Amy Roberts: Have we become too event full? |

Amy Roberts: Have we become too event full?

Amy Roberts, Park Record columnist

My sister came to visit over Labor/Miners Day Weekend. She turns 36 this week, so I treated her to a weekend in Park City for her birthday. Before she got on the flight from Omaha to Salt Lake City, she asked me what I had planned for her stay. She almost didn’t come when I sent her the itinerary, asking: "When am I going to sleep?"

Heather was diagnosed with brain cancer just over seven years ago. At the time of her diagnosis, doctors told us we were looking at another two years, tops, with her. While she continues to beat the odds, we never take birthdays for granted, and every single one seems worthy of a big celebration. That said, the weekend I had planned seemed pretty normal by Park City standards.

Saturday we went up to the Olympic Park for a bit, then swung by the Canyons to congratulate some friends as they cross the finish line of the Point 2 Point mountain bike race. Then we went shopping on Main Street. Heather wanted something new to wear to the Healthy Laughs comedy show benefitting the People’s Health Clinic we had tickets to that night. We splurged and had dinner at The Montage before the show.

Sunday we drove over to Sundance for brunch and marveled at the changing leaves. Then came back and went to the Silly Market for a bit, making it home with just enough time to change before we headed up to Deer Valley for the final concert of the summer, Aloe Blacc. Monday of course was filled with Miners Day activities. As a Rotarian, I had to help with several of the events, so she got a backstage pass of sorts for everything from the pancake breakfast to Running of the Balls, the parade and the events at City Park. Then it was off to a BBQ at a friend’s house before heading to the airport.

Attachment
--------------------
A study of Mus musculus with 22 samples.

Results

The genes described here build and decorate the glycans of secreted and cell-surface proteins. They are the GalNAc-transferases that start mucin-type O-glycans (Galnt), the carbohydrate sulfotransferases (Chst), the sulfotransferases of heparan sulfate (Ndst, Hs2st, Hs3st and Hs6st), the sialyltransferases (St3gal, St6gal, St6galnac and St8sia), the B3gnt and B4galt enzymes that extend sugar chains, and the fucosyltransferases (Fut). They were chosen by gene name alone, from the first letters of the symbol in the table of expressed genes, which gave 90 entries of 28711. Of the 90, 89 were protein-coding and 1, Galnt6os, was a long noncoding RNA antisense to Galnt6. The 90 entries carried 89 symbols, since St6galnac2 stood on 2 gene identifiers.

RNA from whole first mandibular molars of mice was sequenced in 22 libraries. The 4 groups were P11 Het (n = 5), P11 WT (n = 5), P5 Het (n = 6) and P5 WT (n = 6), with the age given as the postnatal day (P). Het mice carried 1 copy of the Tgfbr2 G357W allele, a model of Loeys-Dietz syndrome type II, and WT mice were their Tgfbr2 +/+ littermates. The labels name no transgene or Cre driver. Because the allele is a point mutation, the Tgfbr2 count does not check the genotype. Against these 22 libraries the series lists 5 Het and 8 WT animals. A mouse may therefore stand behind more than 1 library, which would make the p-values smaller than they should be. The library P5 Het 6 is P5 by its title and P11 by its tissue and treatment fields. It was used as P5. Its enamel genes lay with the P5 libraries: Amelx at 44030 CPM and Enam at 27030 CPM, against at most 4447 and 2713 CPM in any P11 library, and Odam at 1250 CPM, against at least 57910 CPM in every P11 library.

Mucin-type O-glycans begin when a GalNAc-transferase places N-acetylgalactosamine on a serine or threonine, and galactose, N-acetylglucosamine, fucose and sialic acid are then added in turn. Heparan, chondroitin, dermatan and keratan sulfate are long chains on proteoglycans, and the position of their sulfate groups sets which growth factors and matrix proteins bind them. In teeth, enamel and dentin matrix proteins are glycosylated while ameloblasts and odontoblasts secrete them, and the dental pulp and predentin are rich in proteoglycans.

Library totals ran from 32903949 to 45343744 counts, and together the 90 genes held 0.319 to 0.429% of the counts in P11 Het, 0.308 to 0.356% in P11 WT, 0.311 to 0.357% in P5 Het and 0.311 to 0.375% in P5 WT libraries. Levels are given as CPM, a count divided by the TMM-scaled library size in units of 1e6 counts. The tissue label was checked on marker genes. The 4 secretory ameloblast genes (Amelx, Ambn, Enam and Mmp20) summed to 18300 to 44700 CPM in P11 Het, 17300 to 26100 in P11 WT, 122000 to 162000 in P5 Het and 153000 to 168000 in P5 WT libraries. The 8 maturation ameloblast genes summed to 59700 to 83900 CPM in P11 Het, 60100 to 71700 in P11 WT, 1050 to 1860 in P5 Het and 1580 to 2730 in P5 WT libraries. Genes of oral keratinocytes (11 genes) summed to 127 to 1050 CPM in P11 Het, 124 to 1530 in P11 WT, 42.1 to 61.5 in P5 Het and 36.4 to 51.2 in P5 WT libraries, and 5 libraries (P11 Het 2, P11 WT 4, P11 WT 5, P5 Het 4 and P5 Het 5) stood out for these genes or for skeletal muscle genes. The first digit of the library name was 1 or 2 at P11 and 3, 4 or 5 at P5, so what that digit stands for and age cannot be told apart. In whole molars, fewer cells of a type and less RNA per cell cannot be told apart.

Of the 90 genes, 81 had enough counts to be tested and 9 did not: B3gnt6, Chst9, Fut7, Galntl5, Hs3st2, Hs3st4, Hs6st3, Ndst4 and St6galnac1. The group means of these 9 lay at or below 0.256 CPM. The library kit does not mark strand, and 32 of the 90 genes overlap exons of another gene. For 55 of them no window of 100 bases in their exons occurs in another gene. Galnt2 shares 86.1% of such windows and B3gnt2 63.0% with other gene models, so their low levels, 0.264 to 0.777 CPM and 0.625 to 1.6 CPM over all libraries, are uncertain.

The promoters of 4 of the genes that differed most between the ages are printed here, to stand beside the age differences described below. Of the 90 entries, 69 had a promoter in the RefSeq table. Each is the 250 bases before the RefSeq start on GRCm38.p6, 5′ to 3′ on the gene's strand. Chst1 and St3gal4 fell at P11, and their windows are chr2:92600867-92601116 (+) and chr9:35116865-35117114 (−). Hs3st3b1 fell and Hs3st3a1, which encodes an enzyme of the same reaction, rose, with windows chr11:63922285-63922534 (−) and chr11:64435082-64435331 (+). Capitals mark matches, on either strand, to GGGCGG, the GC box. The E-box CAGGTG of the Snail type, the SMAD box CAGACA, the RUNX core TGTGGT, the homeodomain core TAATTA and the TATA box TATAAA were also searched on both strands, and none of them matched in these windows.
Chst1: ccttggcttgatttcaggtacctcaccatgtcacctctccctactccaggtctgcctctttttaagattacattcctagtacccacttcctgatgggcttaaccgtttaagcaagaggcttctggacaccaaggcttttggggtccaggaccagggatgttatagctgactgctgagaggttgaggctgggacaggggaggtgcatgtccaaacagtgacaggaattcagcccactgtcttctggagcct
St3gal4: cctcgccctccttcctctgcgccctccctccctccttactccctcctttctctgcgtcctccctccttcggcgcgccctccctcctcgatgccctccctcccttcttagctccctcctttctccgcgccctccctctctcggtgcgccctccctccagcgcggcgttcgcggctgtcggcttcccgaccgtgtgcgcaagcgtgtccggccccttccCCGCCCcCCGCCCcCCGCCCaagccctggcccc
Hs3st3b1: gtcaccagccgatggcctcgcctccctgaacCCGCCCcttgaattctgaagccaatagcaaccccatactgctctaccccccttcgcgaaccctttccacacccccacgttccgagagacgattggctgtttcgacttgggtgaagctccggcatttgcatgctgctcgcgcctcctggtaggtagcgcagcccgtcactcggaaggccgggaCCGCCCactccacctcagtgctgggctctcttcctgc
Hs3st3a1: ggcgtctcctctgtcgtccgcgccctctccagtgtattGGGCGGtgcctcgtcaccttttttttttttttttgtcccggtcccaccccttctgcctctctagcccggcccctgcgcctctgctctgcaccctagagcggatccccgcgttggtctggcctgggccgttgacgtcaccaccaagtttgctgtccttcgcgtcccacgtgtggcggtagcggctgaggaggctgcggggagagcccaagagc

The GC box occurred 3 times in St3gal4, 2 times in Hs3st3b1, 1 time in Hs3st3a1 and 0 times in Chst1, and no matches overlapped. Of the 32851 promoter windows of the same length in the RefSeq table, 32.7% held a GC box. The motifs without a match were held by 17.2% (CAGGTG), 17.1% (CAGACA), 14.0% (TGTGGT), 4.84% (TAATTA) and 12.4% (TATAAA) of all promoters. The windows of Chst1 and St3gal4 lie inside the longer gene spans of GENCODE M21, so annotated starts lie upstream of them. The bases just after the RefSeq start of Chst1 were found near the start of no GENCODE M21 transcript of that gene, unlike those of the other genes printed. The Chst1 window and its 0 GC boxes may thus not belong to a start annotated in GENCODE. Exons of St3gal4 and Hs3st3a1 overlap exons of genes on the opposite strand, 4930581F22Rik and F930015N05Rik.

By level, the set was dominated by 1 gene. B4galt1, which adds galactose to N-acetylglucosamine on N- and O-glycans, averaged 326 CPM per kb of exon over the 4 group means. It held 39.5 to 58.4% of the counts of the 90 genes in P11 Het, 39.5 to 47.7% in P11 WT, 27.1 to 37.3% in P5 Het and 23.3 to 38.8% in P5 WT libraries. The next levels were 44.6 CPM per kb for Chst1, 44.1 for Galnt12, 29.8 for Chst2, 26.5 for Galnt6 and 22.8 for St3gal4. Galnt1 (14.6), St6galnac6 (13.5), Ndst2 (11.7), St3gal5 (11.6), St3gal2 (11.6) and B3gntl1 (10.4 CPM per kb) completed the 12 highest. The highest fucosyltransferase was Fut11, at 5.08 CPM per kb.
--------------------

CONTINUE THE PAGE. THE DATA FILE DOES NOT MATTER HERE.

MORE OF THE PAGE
Heather will tell you the weekend was too packed for her taste. She enjoys a slower pace, with a lot of time to relax built into her day. Partly, she needs this due to her health, but partly it’s because she doesn’t live here. She lives in a city where there’s a lot of downtime and she’s not used to having places to be and things to do three days in a row. But for me, and probably for most Parkites, the weekend seemed pretty typical. In Park City, there’s always a parade and costumes and galas and themed parties and fundraisers and road closures and special events. That’s how we roll.

I’m not sure when it happened, but somewhere along the line, our little town became a Manhattan socialite, with a jam-packed calendar and a martini in each hand.


I don’t know what the solution is. It’s not likely we’re going to start canceling events that have become annual staples. And frankly, I’m not sure I want to. I enjoy living in a place where I have to work at being bored.

But even now, as summer winds down, the events calendar doesn’t really seem to. It used to be the shoulder seasons were pretty eventless. But as I look at what’s coming up: Autumn Aloft, the Halloween dog parade, Jan’s Winter Welcome, Live PC/Give PC, marathons, bike races, and a host of other happenings, it makes you wonder: In our quest to become an eventful destination, have we become too event full?

Amy Roberts is a longtime Park City resident, freelance writer and the proud owner of two ill-behaved rescue dogs, Boston and Stanley.